This summer we had the opportunity to get our feet wet with new partnerships that connected us to youth in Northeast Michigan.
In August, Huron Pines Water Program Director Samantha Nellis and Huron Pines AmeriCorps member Nick Theisen took to the Thunder Bay River with the Alpena Boys and Girls Club and the Ocqueoc River with the Presque Isle County 4-H to explore the interconnected nature of our environment.
They showed participants how to measure stream health by studying macroinvertebrates — any river creature without a backbone that can be seen without the aid of a microscope or magnifying glass. The presence and diversity of macroinvertebrates tell a story about the ecosystem. More bugs of various types and sizes means a healthier stream.
“Macroinvertebrates are a really fun introduction to stream science,” Theisen said. “They’re so easily overlooked but if you look close enough while flipping rocks or overturning logs, you’ll find more life than you’d ever expect.”
Both groups used dip nets to collect nymphs from the stream and matched their samples to a key to identify each one by its physical characteristics. Kaelie Fessler, the Michigan State University Extension 4-H Program Coordinator in Presque Isle County saw firsthand the impact of this immersive session.
“They were completely intrigued while gathering samples from the Ocqueoc River and equally excited to get out of the water and identify their finds with Samantha and Nick,” said Fessler. “Huron Pines offered an engaging session packed with new knowledge to these 30 youth that will certainly stay with all of them.” Fessler even heard one of the participants excitedly explain that when he woke up that morning he had no idea what a macroinvertebrate was.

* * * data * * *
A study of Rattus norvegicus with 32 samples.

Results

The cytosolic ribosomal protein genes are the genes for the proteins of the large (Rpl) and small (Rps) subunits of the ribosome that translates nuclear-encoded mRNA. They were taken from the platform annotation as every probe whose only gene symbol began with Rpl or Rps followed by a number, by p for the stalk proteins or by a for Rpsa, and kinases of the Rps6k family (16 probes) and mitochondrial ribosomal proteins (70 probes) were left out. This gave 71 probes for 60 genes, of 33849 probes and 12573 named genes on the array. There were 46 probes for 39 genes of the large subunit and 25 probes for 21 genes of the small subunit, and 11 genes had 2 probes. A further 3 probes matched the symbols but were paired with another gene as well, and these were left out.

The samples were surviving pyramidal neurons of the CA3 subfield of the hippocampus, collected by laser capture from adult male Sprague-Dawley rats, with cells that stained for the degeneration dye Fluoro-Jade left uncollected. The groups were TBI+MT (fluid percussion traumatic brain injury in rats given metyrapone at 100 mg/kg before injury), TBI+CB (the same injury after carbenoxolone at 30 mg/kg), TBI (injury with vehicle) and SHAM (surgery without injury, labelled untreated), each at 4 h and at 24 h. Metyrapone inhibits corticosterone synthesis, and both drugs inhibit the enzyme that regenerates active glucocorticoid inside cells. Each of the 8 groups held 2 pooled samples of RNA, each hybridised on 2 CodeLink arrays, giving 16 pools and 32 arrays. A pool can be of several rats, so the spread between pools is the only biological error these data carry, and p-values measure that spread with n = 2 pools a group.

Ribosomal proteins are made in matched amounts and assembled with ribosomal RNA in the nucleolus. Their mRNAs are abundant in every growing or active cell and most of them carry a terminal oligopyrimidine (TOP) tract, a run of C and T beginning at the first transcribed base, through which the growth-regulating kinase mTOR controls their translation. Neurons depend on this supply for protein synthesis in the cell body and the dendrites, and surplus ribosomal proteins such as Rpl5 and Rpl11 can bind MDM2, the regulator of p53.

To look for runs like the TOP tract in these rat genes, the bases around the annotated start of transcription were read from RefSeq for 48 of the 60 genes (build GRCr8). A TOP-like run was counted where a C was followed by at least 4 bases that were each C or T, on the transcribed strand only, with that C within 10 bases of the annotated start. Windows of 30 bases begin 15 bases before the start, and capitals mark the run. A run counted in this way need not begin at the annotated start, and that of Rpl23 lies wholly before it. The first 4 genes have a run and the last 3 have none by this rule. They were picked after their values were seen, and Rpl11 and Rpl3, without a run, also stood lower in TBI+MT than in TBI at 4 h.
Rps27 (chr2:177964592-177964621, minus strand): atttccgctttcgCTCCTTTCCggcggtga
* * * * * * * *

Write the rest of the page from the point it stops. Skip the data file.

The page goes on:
The events were funded in part by the Consumers Energy Foundation Planet Award which Huron Pines plans to utilize to strengthen partnerships with communities through education and hands-on learning opportunities like these. New partnerships allow Huron Pines to reach new audiences and achieve our goal of helping more people make meaningful connections to nature. The sight of so many people at the Ocqueoc River drew the attention of some neighborhood youth, who Fessler and Nellis invited to join in on the fun.
“We always say that we want to meet people where they are, to make it easy for everyone to connect to nature so it was really nice to see kids jump off their bikes and join in for the afternoon,” said Nellis.
With curiosity comes increased knowledge. When more people understand how incredible and interconnected the natural environment is, the more likely they will be to take action to preserve and protect it.